Trump has a lot of advantages, but this is just getting started
There’s been a tendency by a lot of political observers to view the Republican presidential nomination as essentially over. And to be fair, there’s some decent evidence to support this. To wit:
Trump is leading DeSantis by more than 20 points in polls.
My county party chairs survey now shows more chairs backing Trump than backing DeSantis.
Okay, all this granted. But I’d like to make the case that there’s still some significant uncertainty in this contest.
For one, it’s early! Ron DeSantis still has yet to officially announce his candidacy, and he may get some significantly good coverage and a polling boost when he does. (The DeSantis as DeSaster in DeCline stories are getting kind of played out.)
But relatedly, DeSantis still has some significant strengths to bring to the contest. In advance of his official announcement, nearly 40 Iowa Republican state legislators have endorsed Ron DeSantis. These include some very substantial Iowa names, like Senate President Amy Sinclair and House Majority Leader Matt Windschitl. Trump is obviously still very popular among Iowa Republicans, but there are quite a few prominent Republicans willing to publicly back an alternative. Do not underestimate this.
Relatedly, while DeSantis has yet to land such a substantial number of endorsements among legislators in other states, he has won the support of New Hampshire’s House Majority Leader Jason Osbourne. It’s not nothing.
And then there’s hiring. DeSantis has made some strong hires in Iowa and New Hampshire. Former Rep. Jeb Hensarling (Texas) and Republican strategist Scott Reed are now chairing a super PAC in support of Mike Pence’s bid. Tim Scott has secured former Tennessee Governor Bill Haslam as his national campaign co-chair.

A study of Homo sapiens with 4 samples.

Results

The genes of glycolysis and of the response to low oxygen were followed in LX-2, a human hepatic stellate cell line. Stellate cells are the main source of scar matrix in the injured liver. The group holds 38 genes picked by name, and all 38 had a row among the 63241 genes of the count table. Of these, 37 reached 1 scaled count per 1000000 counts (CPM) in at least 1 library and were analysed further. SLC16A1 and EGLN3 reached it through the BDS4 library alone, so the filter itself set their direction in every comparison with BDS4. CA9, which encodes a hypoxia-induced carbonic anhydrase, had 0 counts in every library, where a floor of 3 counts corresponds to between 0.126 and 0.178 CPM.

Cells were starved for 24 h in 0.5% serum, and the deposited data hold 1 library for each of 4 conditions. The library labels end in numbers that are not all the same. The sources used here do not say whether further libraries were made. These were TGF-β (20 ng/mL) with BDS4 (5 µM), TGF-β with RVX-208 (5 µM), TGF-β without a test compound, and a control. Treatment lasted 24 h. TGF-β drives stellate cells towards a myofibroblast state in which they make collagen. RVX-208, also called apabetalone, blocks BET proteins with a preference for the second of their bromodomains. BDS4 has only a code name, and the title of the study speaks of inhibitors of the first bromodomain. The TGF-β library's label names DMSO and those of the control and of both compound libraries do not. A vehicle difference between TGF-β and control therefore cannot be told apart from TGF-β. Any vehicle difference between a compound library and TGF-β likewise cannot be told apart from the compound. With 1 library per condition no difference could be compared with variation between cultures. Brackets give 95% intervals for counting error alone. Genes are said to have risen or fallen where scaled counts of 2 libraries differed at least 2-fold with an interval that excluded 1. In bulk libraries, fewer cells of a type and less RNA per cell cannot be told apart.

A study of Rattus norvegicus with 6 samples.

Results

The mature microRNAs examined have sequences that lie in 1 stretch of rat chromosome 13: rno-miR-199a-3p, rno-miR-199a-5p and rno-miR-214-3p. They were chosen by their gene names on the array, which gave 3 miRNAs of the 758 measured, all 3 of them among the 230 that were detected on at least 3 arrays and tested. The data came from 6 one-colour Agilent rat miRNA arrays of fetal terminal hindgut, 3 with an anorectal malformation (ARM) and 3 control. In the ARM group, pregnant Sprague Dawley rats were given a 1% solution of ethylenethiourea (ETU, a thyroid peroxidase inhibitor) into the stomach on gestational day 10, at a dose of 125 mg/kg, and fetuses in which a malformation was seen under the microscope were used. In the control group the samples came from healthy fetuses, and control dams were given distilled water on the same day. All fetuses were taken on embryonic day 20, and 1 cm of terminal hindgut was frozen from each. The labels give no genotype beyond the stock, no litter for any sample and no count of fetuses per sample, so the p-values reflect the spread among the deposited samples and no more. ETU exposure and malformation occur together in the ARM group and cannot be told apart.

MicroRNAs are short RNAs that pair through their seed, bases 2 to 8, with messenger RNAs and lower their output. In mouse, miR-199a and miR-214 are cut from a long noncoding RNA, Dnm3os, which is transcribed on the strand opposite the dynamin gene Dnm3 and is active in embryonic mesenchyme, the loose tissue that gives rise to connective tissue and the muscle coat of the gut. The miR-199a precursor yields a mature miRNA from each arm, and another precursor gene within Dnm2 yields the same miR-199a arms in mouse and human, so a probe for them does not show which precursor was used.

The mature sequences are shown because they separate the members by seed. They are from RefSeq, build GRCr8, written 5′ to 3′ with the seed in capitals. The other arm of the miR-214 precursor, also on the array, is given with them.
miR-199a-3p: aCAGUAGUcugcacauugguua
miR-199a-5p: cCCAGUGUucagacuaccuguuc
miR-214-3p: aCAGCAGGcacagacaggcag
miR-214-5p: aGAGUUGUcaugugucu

The point is not that these hires are going to move these candidates from 3 percent to 30 percent support by next week. But what they do show is prominent Republicans unafraid to get into the mix. If the contest were over and Republicans were sure that Trump was the de facto nominee, they would not be jumping onto other candidate’s payrolls, especially when Trump has such a reputation for wrecking his opponents’ careers.
I’ll also note that the Republican presidential debates will begin in August. Yes, we’ve seen how he can dominate a large field of candidates on the debate stage. But he’s also become a more erratic debater in recent years. And the stage allows for moments from other candidates who have otherwise been frozen out of news coverage.
But perhaps the most important thing that could still stir this contest is the number of very large shoes that have yet to drop. Trump has been indicted for one set of crimes in New York, and has also recently been found liable for sexual abuse in a civil court. The election interference case from Fulton County, Georgia, is also pending, as are several other investigations.
The reason there are several high quality candidates in the race running against Trump without actually running against him is because they are waiting for something to take him out of contention. It’s not an unrealistic expectation that one or more of these court cases (combined with an impression by many in the party that Trump underperforms in elections) will turn enough voters against Trump to make his nomination vulnerable. At that point, DeSantis or Haley or Scott or someone else is maybe poised to win some of those Trump supporters whose judgment they never criticized. At least, that’s the theory, and it probably looks like a better plan than just attacking Trump head on.